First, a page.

This summer’s weather was relentless, crowded with the type of record-smashing extremes that scientists have long warned about.
The season ends Wednesday, and not a moment too soon. Summer featured floods that killed hundreds of people and caused more than $50 billion in losses around the globe, from Louisiana to China, India, Europe and the Sudan. Meanwhile, droughts parched croplands and wildfires burned in California, Canada and India. Toss in record heat that went on and on.
From June to August, there were at least 10 weather disasters that each caused more than $1 billion in losses, according to insurance industry tallies. With summer weather now seemingly stretching from May to September, extreme weather in that span killed more than 2,000 people. And that’s without a major hurricane hitting a big U.S. city, although the Pacific had its share of deadly and costly storms.
“We’ve experienced an increasing number and a disturbing number of weather extremes this summer,” U.S. National Weather Service Director Louis Uccellini said.
While flooding made the news, the “sneaky” thing about the summer was heat that did not even ease at night, said Deke Arndt, climate monitoring chief at the federal National Centers for Environmental Information in Asheville, North Carolina. When temperatures drop to below 72 at night, it allows the body to recharge, plants to grow and air conditioners to be shut off. But this year that didn’t happen enough.
The United States as a nation set a record for the hottest nighttime temperatures on average this summer, Arndt said. Tallahassee, Florida, for example, went 74 consecutive days in which the nighttime temperature didn’t dip below 72.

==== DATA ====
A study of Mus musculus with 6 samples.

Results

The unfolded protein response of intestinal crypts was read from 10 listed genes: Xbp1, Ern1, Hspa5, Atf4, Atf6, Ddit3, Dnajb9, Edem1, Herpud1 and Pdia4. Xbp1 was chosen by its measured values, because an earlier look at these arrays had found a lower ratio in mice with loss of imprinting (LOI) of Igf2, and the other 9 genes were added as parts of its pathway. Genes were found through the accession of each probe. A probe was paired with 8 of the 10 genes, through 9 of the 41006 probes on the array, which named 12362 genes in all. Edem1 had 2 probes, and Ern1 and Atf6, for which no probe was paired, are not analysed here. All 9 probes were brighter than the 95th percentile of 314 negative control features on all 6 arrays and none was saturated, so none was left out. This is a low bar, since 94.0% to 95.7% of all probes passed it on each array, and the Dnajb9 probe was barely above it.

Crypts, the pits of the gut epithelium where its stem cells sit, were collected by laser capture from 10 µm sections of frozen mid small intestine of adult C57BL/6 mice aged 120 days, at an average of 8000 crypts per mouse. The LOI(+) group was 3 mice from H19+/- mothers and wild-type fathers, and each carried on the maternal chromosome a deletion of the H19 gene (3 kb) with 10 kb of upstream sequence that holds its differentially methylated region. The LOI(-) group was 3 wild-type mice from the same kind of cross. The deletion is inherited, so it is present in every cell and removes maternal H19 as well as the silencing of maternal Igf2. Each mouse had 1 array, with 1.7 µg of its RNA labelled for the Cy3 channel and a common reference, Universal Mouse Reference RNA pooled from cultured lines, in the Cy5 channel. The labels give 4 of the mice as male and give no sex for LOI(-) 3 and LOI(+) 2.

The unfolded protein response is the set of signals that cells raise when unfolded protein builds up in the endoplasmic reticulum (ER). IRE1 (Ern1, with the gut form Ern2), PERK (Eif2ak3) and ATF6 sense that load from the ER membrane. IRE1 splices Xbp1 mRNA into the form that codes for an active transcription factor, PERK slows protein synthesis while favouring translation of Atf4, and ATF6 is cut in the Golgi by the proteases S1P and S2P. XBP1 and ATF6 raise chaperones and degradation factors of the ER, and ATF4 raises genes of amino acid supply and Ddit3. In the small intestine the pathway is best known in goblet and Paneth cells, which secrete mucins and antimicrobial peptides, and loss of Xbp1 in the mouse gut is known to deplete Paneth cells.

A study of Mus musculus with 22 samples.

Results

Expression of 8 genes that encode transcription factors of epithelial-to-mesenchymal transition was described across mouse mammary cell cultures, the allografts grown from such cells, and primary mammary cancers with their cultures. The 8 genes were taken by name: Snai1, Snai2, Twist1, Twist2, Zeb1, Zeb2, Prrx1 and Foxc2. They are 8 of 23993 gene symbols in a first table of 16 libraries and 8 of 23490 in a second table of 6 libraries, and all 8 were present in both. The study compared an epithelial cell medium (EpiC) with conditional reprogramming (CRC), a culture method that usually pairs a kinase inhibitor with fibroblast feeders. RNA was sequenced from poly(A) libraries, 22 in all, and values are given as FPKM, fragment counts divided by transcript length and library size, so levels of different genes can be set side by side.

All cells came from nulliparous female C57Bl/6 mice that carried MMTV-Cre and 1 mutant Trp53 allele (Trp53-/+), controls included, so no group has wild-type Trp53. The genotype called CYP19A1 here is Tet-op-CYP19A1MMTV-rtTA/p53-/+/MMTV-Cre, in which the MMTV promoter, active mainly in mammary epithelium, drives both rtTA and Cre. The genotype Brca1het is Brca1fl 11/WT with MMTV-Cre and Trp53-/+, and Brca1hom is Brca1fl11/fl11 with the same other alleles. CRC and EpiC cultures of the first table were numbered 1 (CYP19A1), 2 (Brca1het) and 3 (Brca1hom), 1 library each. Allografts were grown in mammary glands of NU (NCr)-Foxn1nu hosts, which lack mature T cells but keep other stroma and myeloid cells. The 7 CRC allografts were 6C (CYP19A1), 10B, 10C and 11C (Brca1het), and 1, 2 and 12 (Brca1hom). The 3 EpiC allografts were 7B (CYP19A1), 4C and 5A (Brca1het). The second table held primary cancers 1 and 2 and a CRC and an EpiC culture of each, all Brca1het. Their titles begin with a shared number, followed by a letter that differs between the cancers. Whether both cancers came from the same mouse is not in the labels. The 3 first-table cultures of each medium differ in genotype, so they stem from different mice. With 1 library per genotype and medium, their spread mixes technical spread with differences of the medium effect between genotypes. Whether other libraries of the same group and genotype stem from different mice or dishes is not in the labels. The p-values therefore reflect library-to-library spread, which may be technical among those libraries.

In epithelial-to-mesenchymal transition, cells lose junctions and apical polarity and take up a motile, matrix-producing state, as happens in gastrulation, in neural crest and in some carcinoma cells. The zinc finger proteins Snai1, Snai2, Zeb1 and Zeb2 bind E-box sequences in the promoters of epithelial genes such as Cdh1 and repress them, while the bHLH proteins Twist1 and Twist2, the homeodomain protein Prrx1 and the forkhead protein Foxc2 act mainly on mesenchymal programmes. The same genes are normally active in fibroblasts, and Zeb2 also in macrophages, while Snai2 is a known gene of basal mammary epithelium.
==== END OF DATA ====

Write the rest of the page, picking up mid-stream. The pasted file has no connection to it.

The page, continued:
“This is one of the clearest signals we expect for climate change,” said Mark Bove, a New Jersey-based senior research meteorologist for re-insurance giant Munich RE, which tracks natural disasters. “It keeps a blanket on you, particularly at night. We cannot radiate the heat away at night as the planet used to.”
The extra heat — both in the air and oceans — puts a lot of extra moisture in the air, which then comes down as more extreme downpours, said Kevin Trenberth, a senior scientist at the National Center for Atmospheric Research. And when an area is already dry, droughts worsen because warmer air takes more water out of the ground.
NASA chief climate scientist Gavin Schmidt said the records keep showing the planet warming and “since we kind of predicted these things, we know what we’re talking about.”
Perhaps the most noticeable prediction was a 1988 study by James Hansen, former head of NASA’s Goddard Institute for Space Studies.
In that study, Hansen forecast what would probably happen to Earth’s climate. He not only got the global temperature rise about right, but he also forecast big changes in the number of days when the overnight temperatures would not go below 75 and the daytime highs would exceed 95 in four cities by the 2010s.
He was right — or underestimated how hot it would be — in six of eight categories.
“The fact it’s come out with more or less around what was predicted is not surprising,” Hansen said. “The summer is when things show up easiest because the natural variability is the least in the summer. You notice the change more readily in the warm season.”